Course Objective: To develop effective managers and supervisors within a leadership-centered culture.
Supervisors interested in taking Supervisory Challenge should register in DOI Talent. Enrollment requires management approval. You will be wait listed automatically by the system once your manager approves your request. You will be moved from the wait list to the attendee list on a space available basis when your supervisory status is confirmed.
In Denver, CO
March 11-15, 2024
May 13-17, 2024
September 9-13, 2024
Course tuition is $650. Payment of tuition is handled after class begins using an account number provided by each participant's Administrative Officer.
General attire for the Supervisory Challenge class is casual.
About the class:
The USGS offers an initial supervisory training course, USGS Supervisory Challenge, which meets the first phase of the DOI mandatory training requirement for new supervisors.
The target audience is new supervisors within their first year. Once assigned to a supervisory position, new supervisors and their manager receive a memo from their Human Resources Officer stating the new supervisor must successfully complete a one-year probationary period and/or complete mandatory supervisory training. The new supervisor is advised of the USGS Supervisory Challenge class and provided with logistical information regarding the class. Supervisory Challenge is delivered four times per year.
Supervisory Challenge participants will be able to:
- Acquire supervisory and leadership competencies to better manage their human resources;
- Demonstrate a basic level of proficiency to build and maintain a competent, committed and productive workgroup;
- Describe their rights and responsibilities as a supervisor;
- Effectively guide supervisory functions, i.e., position management, staffing, employee development, employee engagement, conflict resolution, and equal employment opportunity;
- Identify the rules, regulations and policies specific to the USGS and DOI that guide supervisory action and decision-making in regard to personnel management.
In addition, the course offers self-awareness assessments:
- Myers-Briggs Type Indicator
The Myers Briggs Type Indicator instrument and knowledge of personality type are used by many organizations, large and small. An understanding of type can be used to support many different functions and situations including managing others, development of leadership skills, organizing tasks, creation and management of teams, training for management and staff, conflict resolution, motivation, executive coaching, diversity, recognition and rewards, and change management. It will be most helpful for supervisors to learn more about personality and the personality of others in order to understand them better. The MBTI assessment will provide feedback on your type and its impact. Participants of Supervisory Challenge will have the opportunity to take the MBTI assessment. Results from this assessment will be discussed during class. Participants are asked to complete the assessment prior to the first day of class following the directions provided in the Welcome Letter.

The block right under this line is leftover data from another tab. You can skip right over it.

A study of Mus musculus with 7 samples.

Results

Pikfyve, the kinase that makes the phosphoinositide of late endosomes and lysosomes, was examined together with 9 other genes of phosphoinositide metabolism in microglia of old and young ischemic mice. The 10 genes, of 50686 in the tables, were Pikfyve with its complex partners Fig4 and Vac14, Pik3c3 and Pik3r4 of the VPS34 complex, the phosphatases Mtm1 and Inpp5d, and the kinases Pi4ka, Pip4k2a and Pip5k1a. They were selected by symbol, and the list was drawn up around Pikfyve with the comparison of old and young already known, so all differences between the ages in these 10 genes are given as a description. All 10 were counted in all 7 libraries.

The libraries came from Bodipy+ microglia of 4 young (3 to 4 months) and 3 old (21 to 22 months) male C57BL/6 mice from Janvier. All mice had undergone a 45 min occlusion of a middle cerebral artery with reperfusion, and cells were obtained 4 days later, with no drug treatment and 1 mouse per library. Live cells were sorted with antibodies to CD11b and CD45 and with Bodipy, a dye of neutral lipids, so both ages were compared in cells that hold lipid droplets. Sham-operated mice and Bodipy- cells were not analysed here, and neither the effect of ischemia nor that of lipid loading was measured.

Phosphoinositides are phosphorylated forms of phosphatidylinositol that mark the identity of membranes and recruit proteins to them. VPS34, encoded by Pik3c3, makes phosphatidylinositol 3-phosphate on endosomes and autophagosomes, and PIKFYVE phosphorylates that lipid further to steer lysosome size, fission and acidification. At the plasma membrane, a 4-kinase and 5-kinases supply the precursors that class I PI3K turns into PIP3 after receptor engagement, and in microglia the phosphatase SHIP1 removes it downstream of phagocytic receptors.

- Thomas-Kilman Conflict Mode Indicator
The Thomas-Kilmann Conflict Mode Instrument (TKI) has been used successfully for more than 30 years to help individuals in a variety of settings understand how different conflict styles affect personal and group dynamics. The TKI measures five conflict-handling modes, or ways of dealing with conflict: competing, collaborating, compromising, avoiding, and accommodating.
Participants of Supervisory Challenge will also have the opportunity to take the TKI assessment. Results from this assessment will be discussed during class. Participants are asked to complete the assessment prior to the first day of class following the directions provided in the Welcome Letter.
Graduates of Supervisory Challenge have the opportunity to participate in mentoring—either with a partner or in a mentoring circle. Seasoned mentors, who have a good track record in supervising and managing others, are selected to serve as mentors to first-time supervisors. Participants are matched with a mentor who can help meet their personal and professional management goals and meet the challenges that face them as they manage others.
Acquiring the skills to be a good supervisor is not solely accomplished in a course. The Office of Employee Development can assist new and experienced supervisors as they seek further development of skills by offering counsel and options for additional internal and external training and development.